He might not have joined the club in the easiest of periods but most Liverpool fans will have fond memories of Darren Burgess, the man who served as Head of Fitness and Conditioning between 2010 and 2012. He had previously gone to the World Cup with Australia as their Head of Sports Science of the Football Federation of Australia and fitness coach of the national team, and during his time on Merseyside he further enhanced the fine reputation he built there.
Darren is currently working in the Australian Rules football as High Performance Manager at Port Adelaide Football but, despite the busy schedule, he kindly agreed to answer a few questions about the physical aspect of the development of players.
At what age should coaches start focusing on the physical side of their players?
I think this needs to begin during the maturation process. Prior to this it should be co-ordination and skill development.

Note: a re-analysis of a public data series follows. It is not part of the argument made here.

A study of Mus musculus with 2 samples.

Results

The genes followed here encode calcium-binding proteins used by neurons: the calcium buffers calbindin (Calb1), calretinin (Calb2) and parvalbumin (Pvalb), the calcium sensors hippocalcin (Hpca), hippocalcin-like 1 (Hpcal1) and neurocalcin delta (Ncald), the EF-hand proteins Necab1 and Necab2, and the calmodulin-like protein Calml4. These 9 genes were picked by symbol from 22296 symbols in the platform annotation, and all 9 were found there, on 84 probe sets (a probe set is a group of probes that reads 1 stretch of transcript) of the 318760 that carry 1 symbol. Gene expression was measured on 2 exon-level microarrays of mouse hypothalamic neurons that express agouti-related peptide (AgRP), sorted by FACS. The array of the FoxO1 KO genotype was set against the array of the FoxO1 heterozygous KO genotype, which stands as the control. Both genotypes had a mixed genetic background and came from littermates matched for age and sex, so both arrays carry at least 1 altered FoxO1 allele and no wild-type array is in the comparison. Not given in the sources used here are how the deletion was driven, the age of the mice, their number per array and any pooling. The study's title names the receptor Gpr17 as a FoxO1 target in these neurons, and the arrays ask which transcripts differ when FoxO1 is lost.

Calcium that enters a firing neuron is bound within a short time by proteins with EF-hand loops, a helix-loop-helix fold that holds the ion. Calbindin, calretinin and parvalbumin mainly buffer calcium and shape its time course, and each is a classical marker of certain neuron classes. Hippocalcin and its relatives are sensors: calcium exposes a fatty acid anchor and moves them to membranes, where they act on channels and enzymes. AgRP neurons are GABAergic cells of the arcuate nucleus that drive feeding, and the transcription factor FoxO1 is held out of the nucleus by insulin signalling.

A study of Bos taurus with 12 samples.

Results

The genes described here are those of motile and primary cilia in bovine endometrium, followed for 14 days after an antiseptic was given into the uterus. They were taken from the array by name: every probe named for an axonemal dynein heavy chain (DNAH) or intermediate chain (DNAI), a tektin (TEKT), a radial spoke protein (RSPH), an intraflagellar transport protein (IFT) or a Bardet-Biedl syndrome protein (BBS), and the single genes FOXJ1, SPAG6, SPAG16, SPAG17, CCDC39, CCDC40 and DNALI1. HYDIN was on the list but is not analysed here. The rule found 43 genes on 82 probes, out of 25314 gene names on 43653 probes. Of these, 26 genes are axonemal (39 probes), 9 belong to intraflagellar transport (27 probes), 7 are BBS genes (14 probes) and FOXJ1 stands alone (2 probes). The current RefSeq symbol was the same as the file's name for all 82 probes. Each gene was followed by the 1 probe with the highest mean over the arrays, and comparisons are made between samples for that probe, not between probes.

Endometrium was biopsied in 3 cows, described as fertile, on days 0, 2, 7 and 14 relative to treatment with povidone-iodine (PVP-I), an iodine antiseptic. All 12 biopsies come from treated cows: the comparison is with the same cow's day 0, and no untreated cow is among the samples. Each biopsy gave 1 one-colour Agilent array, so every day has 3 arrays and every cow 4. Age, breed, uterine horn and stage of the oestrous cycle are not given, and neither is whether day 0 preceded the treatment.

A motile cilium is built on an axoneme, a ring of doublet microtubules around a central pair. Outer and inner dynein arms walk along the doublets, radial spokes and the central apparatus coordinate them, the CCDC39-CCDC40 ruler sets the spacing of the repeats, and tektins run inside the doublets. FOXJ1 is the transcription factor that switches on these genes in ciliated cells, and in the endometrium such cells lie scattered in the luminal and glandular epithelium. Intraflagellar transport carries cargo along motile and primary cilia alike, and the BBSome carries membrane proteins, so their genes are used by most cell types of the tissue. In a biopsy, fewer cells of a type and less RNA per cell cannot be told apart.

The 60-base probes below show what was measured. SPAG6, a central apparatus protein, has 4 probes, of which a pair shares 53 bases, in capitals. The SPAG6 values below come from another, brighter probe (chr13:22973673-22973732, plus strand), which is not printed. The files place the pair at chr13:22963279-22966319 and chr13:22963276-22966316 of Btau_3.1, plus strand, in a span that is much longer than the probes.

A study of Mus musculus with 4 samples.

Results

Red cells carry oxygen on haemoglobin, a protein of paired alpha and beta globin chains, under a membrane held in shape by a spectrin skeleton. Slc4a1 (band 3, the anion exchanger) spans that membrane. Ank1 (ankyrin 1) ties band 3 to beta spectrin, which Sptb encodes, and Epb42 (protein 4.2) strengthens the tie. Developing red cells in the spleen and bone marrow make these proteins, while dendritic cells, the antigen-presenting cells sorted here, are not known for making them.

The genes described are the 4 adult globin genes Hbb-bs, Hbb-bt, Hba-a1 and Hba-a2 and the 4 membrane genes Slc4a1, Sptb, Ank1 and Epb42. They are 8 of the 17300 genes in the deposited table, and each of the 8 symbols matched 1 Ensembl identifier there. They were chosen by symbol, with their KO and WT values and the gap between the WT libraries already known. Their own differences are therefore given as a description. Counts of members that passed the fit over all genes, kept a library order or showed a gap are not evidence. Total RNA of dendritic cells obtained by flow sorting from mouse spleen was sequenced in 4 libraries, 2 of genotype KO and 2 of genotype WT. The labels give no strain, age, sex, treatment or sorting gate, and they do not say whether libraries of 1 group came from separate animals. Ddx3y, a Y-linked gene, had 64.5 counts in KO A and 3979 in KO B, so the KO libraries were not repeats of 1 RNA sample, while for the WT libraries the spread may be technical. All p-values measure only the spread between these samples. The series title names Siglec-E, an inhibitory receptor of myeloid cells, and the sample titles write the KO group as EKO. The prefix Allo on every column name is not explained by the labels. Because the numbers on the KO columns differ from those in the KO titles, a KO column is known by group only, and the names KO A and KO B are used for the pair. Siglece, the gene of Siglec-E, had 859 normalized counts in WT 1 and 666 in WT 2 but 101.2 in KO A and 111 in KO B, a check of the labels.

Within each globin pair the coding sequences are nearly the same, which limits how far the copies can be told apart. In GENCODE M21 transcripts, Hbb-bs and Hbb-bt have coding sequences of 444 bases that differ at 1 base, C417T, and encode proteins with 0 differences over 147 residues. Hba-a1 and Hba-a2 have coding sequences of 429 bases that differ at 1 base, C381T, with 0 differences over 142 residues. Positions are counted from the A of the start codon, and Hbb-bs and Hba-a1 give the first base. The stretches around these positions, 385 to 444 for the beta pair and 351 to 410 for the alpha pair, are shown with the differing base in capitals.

Are there any dangers of starting too early? Or any benefits?
There is great research that suggests that starting prior to this can impede the natural maturation process, cause decreased participation rates and offer no physical benefit to the young athletes.
Based on these three points there’s probably not a lot of benefit in starting prior to maturation.
What should coaches be on the lookout for? For instance, are there signs that might indicate that a player needs to alter something that he is doing in order to avoid injury? Or when a player has a growth spurt?
Certainly, coaches should be aware of when a child is growing through a growth spurt as this can cause increases or decreases in co-ordination and growth related injuries such as shin splints and heel pains.
Generally, young players who are experiencing pain should avoid training and return once advised by an appropriate medical professional and certainly not train or play through any pain.
To what extent can anyone predict how much a player will grow?
I’m not too sure you can. The parental height will give some indication but unless you have a wrist MRI scan handy it is pretty hard to predict!
Finally, a question that is a bit more personal: professionally, how important (and why) was it for you to work in different sports and countries?
I think it provides a greater awareness of alternative, holistic training and treatment methods. Too often people can think that one culture, sport or method is the only way to train players. However, if you are exposed to many different methodologies and training practices it allows you to learn from each one.